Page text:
In the tech industry, it has been confirmed that the Nvidia GeForce RTX 4090, renowned as the fastest consumer graphics card currently available, will be subject to export restrictions to China effective November 17, 2023. This announcement comes as part of broader efforts by the United States to limit China’s access to cutting-edge technologies.
The decision to restrict the export of the RTX 4090 has raised questions about the implications for both the Chinese market and the global GPU industry as a whole. While initial uncertainty surrounded the extent of these restrictions, multiple sources have now corroborated the impending embargo.
The RTX 4090’s position as an unintentional casualty of U.S. trade policies stems from its shared AD102 silicon with certain data center components, such as the H100, H800, A100, A800, L40, and L40S. This commonality necessitated applying the same export restrictions to the consumer-focused RTX 4090, a move that will inevitably shape the landscape of graphics card availability in the region.
The potential impact on China’s ability to leverage RTX 4090 cards for large-scale applications, such as AI and machine learning, remains uncertain. While existing hardware already in circulation may still be accessible, the objective is to curtail further proliferation of this technology within the country.
One noteworthy consequence of this export restriction is the surge in RTX 4090 prices within China, leading to a subsequent rise in domestic pricing. This phenomenon may initially appear counterintuitive, as export limitations would traditionally imply heightened availability elsewhere. However, potential alternative channels for acquiring GPUs in China may further complicate the situation.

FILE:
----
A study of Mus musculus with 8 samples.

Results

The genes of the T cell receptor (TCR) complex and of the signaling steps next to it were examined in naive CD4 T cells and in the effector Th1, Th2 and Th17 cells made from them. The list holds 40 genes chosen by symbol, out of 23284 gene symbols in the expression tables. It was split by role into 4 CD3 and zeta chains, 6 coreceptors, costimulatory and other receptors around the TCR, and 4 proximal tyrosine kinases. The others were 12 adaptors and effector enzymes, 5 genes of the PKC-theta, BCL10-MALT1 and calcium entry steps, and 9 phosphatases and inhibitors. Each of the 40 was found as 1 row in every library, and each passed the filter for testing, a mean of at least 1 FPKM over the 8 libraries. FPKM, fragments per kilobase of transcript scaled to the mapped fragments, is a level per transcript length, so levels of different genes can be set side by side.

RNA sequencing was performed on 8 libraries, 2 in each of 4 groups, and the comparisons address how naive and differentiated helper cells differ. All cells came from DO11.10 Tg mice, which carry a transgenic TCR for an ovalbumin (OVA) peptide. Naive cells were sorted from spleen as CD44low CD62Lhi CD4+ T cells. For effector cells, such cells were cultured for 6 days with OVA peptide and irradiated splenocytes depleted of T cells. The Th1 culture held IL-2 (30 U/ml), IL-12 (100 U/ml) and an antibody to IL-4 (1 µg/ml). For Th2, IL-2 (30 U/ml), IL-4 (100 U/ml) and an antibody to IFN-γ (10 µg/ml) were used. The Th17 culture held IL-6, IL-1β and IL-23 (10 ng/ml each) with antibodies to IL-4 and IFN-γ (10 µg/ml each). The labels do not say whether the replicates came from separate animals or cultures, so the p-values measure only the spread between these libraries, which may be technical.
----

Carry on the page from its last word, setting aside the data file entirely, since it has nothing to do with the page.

Furthermore, the embargo extends to the manufacturing of RTX 4090 cards within China. This development necessitates third-party AIB partners, including major players like Asus, Gigabyte, MSI, PNY, and others, to explore relocating their assembly operations to alternative regions, potentially in Taiwan. This shift could incur additional costs, ultimately influencing pricing dynamics.
Given the RTX 4090’s standing as the pinnacle of GPU performance, a substantial market of enthusiasts and professionals is expected to persist in their willingness to pay the premium price tag, which currently stands at $1,600 or more for a single unit. Additionally, rumors suggesting the release of an RTX 4090 Ti or Titan RTX refresh may be quashed, allowing the RTX 4090 to maintain its reputation as the unrivaled leader in graphics card technology.
In terms of current market pricing, the most affordable RTX 4090 available is the PNY 4090, listed at $1,669. Newegg offers the Gigabyte 4090 at $1,799, while on Amazon, both the Zotac 4090 and MSI 4090 are priced at $1,699 — making them the most competitively priced options. However, it would not be surprising if RTX 4090 prices continue to rise, given the historical trends observed in GPU pricing, coupled with an uptick in fraudulent listings on platforms like eBay.
As the November 17 deadline looms, the industry will be closely monitoring the repercussions of these export restrictions on the RTX 4090 and its broader implications for the global GPU market. This development underscores the intersection of technology, geopolitics, and commerce, highlighting the far-reaching consequences of export controls in the ever-evolving landscape of high-performance computing.